Articles > Allan Hildon
This paper examines the proposition that Elizabeth Kenny was a lesbian who attempted to secure public respect and acceptance by concealing her sexual identity and assuming the personae of a dedicated nurse. Despite her efforts to project an image of respectability Kenny was unable to disguise characteristics which lead many people to describe her as masculine, and she was unable to escape persistent cross examination of her unconvincing tales of youthful romances with men. The paper presents the argument that in an era where attitudes towards homosexuality differed hugely to those held in the present era, Kenny's gender nonconformity could easily have been interpreted as a sign of her homosexuality and thereby provide a focus for homophobic prejudice, even if she did not privately or publicly acknowledge her homosexuality. This proposition, while beyond verification, offers a plausible explanation for the exaggerated level of acrimony and hostility which was displayed towards Kenny by so many members of the medical profession, and helps to explain her clumsy and persistent attempts in later life to fabricate an unconvincing of façade of heterosexual normality. Lifting the veil of silence which has cloaked this aspect of Elizabeth Kenny's life provides an opportunity for a more complete understanding of the mystery surrounding her personal relationships, the nature of the opposition she encountered from the medical establishment, and her marginalisation in the diaspora that is Australia.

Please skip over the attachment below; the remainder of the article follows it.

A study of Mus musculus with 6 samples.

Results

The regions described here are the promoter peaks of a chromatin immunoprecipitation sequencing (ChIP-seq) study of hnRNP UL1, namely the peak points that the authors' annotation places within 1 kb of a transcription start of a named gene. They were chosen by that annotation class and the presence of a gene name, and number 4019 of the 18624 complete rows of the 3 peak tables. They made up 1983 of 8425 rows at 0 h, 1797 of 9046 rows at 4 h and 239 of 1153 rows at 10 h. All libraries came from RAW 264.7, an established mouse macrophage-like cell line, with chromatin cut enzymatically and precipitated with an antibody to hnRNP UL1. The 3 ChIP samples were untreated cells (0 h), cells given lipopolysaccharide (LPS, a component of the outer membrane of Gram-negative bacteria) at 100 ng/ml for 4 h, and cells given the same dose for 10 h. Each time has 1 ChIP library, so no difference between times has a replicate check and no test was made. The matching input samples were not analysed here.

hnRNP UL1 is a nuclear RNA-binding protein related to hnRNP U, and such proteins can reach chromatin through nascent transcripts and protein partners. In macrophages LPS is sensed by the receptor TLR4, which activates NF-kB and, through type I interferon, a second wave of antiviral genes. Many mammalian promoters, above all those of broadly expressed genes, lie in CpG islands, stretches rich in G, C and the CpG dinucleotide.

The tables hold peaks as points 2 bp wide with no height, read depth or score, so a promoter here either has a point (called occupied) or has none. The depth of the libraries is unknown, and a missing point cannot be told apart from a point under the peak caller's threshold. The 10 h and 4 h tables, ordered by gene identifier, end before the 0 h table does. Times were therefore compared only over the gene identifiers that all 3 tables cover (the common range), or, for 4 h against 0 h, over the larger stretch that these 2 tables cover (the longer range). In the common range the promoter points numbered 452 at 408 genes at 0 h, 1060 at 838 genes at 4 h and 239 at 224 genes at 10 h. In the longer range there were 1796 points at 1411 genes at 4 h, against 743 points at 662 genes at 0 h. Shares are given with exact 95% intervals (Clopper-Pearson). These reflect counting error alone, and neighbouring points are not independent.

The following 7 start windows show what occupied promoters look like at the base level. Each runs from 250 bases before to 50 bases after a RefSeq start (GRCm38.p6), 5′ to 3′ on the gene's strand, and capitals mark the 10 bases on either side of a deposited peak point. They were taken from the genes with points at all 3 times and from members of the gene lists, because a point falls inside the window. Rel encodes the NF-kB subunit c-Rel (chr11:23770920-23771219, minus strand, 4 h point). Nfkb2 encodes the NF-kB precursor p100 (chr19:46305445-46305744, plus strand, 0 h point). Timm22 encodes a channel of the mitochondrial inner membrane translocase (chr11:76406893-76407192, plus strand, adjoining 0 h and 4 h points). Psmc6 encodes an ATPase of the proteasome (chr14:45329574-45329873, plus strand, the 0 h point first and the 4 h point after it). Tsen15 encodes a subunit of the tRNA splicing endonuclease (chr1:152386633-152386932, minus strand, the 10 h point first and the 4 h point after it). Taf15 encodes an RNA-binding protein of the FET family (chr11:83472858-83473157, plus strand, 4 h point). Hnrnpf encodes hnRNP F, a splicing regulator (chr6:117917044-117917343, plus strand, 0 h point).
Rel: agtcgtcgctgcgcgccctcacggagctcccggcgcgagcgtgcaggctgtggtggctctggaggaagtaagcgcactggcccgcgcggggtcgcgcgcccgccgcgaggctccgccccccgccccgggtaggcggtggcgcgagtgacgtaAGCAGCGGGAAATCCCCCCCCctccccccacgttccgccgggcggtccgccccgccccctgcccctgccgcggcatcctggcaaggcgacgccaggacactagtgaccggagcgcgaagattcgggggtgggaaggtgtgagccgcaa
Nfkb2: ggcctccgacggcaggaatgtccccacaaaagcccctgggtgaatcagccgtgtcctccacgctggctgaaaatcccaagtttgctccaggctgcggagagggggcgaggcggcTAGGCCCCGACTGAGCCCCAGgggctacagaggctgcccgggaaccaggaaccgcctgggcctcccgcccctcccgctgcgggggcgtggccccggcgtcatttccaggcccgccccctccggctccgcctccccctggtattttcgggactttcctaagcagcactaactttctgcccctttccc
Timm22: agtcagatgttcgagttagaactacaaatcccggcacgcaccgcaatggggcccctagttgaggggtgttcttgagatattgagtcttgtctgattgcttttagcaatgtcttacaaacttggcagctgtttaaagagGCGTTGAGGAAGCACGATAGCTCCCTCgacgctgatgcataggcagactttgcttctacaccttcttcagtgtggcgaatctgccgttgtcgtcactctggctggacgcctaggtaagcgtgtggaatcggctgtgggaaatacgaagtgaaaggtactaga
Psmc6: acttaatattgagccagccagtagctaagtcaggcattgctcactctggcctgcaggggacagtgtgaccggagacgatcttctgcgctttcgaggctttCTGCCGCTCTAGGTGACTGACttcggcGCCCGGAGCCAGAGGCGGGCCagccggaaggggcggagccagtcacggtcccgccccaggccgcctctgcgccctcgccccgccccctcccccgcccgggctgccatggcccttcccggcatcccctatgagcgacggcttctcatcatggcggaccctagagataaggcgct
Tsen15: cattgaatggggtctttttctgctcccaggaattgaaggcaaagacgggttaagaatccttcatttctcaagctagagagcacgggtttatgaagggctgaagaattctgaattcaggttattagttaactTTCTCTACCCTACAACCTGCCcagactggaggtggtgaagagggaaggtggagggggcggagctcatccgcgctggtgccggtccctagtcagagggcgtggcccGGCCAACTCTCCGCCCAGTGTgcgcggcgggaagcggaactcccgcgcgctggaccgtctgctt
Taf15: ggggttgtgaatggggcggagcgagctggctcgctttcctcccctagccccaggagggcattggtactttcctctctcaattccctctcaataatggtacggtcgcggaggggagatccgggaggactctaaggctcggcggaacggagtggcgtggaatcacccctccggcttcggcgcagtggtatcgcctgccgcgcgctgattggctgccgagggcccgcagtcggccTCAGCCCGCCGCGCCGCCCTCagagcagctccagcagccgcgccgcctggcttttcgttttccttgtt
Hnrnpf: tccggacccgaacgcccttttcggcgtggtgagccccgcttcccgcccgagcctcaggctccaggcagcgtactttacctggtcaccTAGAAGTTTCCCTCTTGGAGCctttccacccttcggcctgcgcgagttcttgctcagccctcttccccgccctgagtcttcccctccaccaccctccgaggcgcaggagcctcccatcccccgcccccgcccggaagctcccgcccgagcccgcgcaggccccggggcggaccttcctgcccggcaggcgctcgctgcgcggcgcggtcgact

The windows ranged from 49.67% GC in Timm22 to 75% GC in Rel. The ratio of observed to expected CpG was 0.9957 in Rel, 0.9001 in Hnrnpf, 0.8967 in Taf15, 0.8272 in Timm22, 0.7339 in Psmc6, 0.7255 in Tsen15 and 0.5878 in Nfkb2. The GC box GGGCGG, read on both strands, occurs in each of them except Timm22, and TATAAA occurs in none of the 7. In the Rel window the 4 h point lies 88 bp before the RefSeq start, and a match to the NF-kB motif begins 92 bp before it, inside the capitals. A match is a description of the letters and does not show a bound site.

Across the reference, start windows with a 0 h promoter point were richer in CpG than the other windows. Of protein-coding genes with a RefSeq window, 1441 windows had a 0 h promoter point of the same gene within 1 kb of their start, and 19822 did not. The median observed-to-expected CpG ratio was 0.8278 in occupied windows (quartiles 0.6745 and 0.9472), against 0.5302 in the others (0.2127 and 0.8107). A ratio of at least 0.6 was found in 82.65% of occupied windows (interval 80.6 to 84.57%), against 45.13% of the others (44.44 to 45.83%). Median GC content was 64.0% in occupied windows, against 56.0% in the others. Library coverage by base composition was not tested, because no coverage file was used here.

I met Margaret through the assistance of Sue Hoyt at the Sister Kenny Foundation in Minneapolis. As a result of Sue's generous facilitation I was able to exchange correspondence with Margaret, which led to her agreeing to a telephone interview in May 2009. In September 2009 we had lunch together in Minneapolis - a happy occasion I will long remember.
Over the years Margaret assisted many researchers in their enquiries into the life and work of Elizabeth Kenny. In her capacity as Kenny's secretary from 1941 to 1945 Margaret lived in the eye of the hurricane. If she tired of sharing her recollections and insight she never showed it.
From a researcher's perspective Margaret was the ideal informant. She knew my views about Kenny's sexuality, disagreed with me, then freely shared information which she knew was grist to my mill.
Margaret possessed a formidable wit. When I joked that Basil O'Connor would probably have thought I was a crackpot obsessed with a quack, Margaret laughed and with a note of merriment in her voice agreed O'Connor had thought Sister was a quack. Still, of all her fine qualities it was Margaret's graciousness which I believe endeared her to all who knew her. I am indebted to her for enriching my understanding of Elizabeth Kenny and for sharing some deliciously good stories. She will be greatly missed.